Perioral Dermatitis

Expert Q&A

Chronic lip licking can often cause irritation around a child's mouth.
Chronic lip licking, especially in the winter, can often cause this type of irritation around a child's mouth. Photo by Vincent Iannelli, MD

Q. My 2-year-old daughter has very fair, sensitive skin. About 6 months ago she started getting a rash on her chin. Sometimes it is very red and shiny, other times it is pale and chaffed. It doesn't seem to itch but when she eats fruit and the juices touch it, it seems to sting. It has since seemed to spread. She has several round spots on her face. The spots are raised and sort of chapped. Sometimes they will completely go away but, within a couple days, they return in the exact same spots. Michelle, Merrimack, NH

Answer. Have you been putting a steroid cream on it, such as an over-the-counter hydrocortisone cream or a stronger, prescription strength steroid cream?

Perioral Dermatitis

If so, then she may have perioral dermatitis, a chronic rash that is often caused by using steroid creams on a child's face.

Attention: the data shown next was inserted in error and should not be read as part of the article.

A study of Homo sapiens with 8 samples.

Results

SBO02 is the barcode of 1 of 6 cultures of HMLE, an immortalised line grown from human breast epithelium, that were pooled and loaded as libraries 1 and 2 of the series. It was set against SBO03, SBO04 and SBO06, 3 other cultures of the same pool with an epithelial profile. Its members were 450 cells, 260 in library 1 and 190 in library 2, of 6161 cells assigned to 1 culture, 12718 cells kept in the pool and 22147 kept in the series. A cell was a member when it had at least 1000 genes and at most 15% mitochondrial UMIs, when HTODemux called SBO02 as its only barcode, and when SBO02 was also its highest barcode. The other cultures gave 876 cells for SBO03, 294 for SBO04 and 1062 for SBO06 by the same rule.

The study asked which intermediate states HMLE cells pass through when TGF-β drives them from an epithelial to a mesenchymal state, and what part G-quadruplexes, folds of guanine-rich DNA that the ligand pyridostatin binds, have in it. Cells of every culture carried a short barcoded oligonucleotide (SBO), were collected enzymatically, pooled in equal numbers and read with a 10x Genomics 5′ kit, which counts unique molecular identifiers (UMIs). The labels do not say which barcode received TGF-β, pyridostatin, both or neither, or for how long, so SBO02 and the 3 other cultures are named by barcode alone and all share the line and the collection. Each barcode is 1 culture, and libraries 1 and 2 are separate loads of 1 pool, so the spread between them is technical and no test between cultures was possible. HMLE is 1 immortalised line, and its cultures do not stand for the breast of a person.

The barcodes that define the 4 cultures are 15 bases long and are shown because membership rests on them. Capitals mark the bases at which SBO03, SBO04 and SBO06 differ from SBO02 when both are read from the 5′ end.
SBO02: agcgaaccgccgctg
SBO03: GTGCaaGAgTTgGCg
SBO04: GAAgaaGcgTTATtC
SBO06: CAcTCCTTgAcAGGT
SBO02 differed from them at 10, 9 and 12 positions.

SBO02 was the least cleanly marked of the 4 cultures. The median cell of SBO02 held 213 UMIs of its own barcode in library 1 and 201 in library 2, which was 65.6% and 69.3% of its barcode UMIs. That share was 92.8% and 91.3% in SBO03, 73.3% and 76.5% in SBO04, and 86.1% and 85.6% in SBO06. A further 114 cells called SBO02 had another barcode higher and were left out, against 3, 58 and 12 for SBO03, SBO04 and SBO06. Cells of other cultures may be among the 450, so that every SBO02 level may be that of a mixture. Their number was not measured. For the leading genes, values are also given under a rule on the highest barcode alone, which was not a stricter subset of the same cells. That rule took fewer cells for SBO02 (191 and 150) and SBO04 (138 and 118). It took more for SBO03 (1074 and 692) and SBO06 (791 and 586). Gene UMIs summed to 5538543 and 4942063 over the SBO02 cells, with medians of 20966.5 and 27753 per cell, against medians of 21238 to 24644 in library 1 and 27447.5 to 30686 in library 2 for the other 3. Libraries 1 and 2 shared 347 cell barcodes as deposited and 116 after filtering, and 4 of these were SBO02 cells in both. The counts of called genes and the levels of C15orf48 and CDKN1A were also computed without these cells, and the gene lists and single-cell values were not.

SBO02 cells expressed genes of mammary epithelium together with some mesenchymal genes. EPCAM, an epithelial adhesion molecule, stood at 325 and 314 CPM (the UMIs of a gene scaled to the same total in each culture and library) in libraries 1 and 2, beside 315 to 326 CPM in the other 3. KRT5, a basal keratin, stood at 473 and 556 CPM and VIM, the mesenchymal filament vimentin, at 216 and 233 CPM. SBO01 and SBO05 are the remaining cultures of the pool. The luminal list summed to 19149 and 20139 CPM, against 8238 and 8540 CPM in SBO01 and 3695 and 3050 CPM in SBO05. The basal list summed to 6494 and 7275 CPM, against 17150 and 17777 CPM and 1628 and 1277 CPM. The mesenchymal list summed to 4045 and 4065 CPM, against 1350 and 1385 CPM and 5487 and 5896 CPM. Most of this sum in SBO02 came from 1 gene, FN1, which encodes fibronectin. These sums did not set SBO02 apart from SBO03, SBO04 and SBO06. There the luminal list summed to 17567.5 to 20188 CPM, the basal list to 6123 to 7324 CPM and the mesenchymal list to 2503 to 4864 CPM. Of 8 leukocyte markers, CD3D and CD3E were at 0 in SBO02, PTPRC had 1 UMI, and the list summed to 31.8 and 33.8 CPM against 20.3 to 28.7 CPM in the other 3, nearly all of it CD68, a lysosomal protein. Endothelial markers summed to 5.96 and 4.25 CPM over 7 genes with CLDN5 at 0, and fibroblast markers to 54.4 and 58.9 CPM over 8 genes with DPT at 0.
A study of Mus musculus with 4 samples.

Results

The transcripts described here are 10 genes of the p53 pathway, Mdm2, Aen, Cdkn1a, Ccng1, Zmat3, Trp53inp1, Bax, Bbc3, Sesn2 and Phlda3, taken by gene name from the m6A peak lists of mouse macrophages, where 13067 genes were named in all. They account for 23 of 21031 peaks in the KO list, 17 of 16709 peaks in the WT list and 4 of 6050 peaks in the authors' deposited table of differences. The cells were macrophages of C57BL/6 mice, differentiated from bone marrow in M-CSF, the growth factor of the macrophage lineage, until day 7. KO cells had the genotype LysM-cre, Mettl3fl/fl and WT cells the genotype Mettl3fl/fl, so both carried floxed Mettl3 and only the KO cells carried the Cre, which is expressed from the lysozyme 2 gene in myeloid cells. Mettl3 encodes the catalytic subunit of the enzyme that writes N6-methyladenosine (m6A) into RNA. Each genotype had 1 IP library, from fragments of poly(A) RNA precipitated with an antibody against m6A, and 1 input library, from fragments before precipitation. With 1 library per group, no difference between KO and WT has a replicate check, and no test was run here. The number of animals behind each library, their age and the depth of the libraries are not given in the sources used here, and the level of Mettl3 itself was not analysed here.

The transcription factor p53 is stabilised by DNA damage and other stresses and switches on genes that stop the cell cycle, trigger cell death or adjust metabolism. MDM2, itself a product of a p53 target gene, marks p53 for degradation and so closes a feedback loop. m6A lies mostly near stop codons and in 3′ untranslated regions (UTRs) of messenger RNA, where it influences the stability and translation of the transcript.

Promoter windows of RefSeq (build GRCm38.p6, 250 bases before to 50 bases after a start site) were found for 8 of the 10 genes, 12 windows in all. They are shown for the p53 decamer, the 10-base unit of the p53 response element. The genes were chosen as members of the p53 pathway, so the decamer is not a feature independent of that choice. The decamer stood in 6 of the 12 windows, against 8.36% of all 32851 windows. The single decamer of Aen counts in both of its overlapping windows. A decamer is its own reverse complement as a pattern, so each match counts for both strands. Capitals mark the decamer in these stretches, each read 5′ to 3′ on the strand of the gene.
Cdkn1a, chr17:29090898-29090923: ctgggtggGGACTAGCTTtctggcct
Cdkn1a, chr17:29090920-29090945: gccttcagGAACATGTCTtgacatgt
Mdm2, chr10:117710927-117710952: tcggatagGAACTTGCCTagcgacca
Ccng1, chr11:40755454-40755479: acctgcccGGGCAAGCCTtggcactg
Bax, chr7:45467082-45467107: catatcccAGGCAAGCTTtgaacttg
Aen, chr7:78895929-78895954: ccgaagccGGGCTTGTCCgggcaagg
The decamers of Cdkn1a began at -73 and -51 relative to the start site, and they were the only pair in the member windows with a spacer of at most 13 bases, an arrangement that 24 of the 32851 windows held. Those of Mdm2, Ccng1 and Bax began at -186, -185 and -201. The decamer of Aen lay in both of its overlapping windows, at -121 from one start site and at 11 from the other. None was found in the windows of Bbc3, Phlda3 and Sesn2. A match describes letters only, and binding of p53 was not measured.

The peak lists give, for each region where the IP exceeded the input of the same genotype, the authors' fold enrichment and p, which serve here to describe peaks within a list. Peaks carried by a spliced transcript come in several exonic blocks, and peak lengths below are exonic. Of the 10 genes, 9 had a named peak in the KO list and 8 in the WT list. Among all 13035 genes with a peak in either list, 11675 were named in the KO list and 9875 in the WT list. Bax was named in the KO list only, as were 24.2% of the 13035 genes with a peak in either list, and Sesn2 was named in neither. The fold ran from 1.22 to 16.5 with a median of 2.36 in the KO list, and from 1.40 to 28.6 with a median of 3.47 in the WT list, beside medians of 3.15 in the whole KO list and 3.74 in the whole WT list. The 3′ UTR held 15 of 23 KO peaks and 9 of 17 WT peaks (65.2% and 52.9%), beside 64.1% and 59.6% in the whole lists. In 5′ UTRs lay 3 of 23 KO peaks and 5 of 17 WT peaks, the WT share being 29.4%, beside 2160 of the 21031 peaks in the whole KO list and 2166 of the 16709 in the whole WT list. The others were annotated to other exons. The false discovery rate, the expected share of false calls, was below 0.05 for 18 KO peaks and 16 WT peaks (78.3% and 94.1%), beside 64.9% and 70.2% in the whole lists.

In many situations, a child has a simple rash caused by irritation and is treated with a steroid cream. While that helps the rash get better for a little while, it then gets worse again and eventually doesn't respond to the steroid cream anymore.

If you are using a steroid cream and think that she may have perioral dermatitis, then you should stop using it. Be warned that the rash will get worse once you stop using the steroids and will then gradually get better. Sometimes, a topical or oral antibiotic is also needed to help perioral dermatitis go away.

Treatments for Perioral Dermatitis

Common treatments for perioral dermatitis might include:

  • oral azithromycin
  • Elidel or Protopic topical cream
  • stopping the use of steroid creams

It can also help to avoid any known triggers. For example, fluoride toothpaste is also suspected to cause perioral dermatitis in some children.

What To Know About Perioral Dermatitis

Other things to know about perioral dermatitis include that:

  • Perioral dermatitis is sometimes confused with impetigo.
  • If the rash extends into the creases around your child's nose and he has some flaking behind his ears and in his eyebrows, then he might have seborrheic dermatitis instead.
  • In some cases, there is no known trigger for a child's perioral dermatitis and there was no history of steroid cream use.
  • Angular cheilitis, or inflammation at the corners of the mouth, can be associated with iron deficiency.
  • Children with lip licker's dermatitis often suck their lower lip with their upper lip or simply lick their lips, especially during the winter. As the skin around their lips get dry and irritated, they get a rash. If treated with steroids, it can progress to perioral dermatitis. Liberal use of moisturizers is a better treatment.

If not and this doesn't sound like what is causing her rash, then you may want to see a Pediatric Dermatologist for a second opinion.